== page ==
18 September 2012
Those of you who know me know I am utterly obsessed with sports history. I take some sort of perverted pleasure in knowing every Super Bowl winner, MVP, the score of the game and where it was played. That manic fixation has one father: Steve Sabol.
The first sports tape (a VHS) I ever owned was a Super Bowl highlight video feauturing NFL Films recaps of Super Bowls I through XXIII. I must have watched that tape 100 times, often with my brother on the catch in our living room, memorizing its most beautifully written lines. To this day both he and I can recite on command John Facenda's spine-tingling prose about Super Bowl V (Colts-Cowboys), the famous phrase, "...fiercely fought but frightfully flawed," as a montage of the game's 11 turnovers played in the background. Each game was told in its own beautiful way, with the appropriate music---a trademark of NFL Films (my favorite is "Heroes of War;" it's on my iPod)---playing behind Facenda's voice.
I remember waking up on cold January mornings when I was in elementary school to watch the annual Super Bowl highlight shows on ESPN2. Each episode began with Sabol sitting in a film storage room surrounded by the company's millions upon millions of film rolls. Sabol's opening essay for each game was a perfect description of what transpired, and left you thoroughly engrossed in what was to come. It was a wonderful way to start the day.
As I grew older Sabol's company, founded by his father Ed in 1962, grew to be what it is recognized today as: the greatest film company in the history of sports. As revenues and resources increased, NFL Films embarked upon projects that were more and more insightful, giving you a look into the world of football that made it feel like you were watching a movie. After all, how else would they get Bill Walsh to have his weekly team meetings videotaped? It didn't seem possible. For a profession with some of the most paranoid people in the world, every NFL coach---Bill Belichick included, allowed Sabol to infiltrate his maximum security lair so he could show fans what went on behind closed doors.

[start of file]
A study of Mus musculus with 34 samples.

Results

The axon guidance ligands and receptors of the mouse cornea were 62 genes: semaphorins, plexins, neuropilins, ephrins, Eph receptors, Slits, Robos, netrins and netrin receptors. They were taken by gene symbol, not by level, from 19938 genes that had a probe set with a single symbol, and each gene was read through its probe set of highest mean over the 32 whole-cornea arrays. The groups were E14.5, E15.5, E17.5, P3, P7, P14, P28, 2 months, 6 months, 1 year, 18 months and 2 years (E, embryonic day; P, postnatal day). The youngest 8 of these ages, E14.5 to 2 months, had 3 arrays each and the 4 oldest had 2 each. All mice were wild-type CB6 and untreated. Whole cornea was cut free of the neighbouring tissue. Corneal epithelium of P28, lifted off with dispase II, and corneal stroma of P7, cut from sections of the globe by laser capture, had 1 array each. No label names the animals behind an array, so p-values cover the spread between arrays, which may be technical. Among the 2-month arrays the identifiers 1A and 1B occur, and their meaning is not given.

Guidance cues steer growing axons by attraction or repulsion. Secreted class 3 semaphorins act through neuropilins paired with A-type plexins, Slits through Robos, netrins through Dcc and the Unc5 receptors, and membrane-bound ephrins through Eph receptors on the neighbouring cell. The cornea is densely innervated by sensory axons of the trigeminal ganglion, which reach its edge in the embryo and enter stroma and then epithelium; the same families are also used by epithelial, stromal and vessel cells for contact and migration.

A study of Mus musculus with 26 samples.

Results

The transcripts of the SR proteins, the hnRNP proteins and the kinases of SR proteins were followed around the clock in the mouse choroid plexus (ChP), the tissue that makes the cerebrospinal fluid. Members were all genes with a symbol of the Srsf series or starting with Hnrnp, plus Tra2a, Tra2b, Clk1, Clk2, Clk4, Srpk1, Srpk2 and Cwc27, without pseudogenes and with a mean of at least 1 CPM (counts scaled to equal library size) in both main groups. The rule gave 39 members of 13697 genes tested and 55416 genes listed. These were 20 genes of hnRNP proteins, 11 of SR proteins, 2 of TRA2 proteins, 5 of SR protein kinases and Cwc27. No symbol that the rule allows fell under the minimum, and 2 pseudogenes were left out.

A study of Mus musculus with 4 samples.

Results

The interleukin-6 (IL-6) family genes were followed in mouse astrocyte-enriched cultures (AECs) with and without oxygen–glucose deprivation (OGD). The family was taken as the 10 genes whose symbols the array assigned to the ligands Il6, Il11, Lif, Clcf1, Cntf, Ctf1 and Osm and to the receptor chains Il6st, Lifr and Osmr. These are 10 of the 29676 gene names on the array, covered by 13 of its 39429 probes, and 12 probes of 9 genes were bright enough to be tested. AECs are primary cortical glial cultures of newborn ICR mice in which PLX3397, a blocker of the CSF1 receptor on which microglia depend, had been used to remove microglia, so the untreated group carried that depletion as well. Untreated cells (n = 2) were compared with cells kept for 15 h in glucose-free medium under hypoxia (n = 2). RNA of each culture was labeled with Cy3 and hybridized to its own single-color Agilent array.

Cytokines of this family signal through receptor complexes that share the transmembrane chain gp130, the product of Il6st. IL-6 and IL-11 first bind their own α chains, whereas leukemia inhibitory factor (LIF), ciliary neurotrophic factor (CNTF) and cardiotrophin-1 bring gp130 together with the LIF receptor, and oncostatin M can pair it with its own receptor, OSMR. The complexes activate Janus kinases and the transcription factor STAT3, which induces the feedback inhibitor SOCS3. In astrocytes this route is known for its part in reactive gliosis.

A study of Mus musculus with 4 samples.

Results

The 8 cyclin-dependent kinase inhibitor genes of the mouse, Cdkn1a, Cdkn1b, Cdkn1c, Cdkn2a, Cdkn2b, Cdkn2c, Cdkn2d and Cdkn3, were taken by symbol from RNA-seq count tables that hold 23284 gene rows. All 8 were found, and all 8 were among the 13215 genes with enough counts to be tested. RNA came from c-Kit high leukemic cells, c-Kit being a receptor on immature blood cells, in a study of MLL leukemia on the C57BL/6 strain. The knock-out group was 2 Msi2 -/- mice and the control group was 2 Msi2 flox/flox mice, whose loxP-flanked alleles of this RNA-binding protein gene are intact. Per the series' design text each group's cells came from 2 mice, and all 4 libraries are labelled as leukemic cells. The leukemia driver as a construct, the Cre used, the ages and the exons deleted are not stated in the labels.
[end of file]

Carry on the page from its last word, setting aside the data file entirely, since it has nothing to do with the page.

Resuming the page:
For me, the greatest thing NFL Films has ever done, and quite possibly my favorite thing ever produced for television, is the NFL Network's America's Game series, which highlights each of the 46 Super Bowl champions. The episodes are all narrated by a different celebrity, with three or four of the team's star players sharing their memories of the season and all the trials and tribulations that had to be overcome for the team to reach the pinnacle of the sport. I bought the entire collection in 2005 (I through XL), and have watched every new episode since.
For me, Sabol's enduring legacy will be this: He romanticized a sport that is played by overweight men and characterized by unimaginable violence. He made it poetic and beautiful, and told a story that no human being could tell through words. His unmatched storytelling illustrated what so many die-hard sports fans know, that while sports is trivial in nature, it can tell you more about a person than you could ever learn speaking to them. It reveals character. It shows how people respond to adversity, how they deal with success, whether or not they are leaders, and ultimately, how they work in a team. Sabol, through his revolutionary decision to tell game stories through slow-motion, tight, dramatic shots, changed sports history and made this blogger into an NFL fan for life.
Think about it, without Steve Sabol and NFL Films, we may never have seen Namath wag that finger.
Rest in Peace, Steve. You will be missed.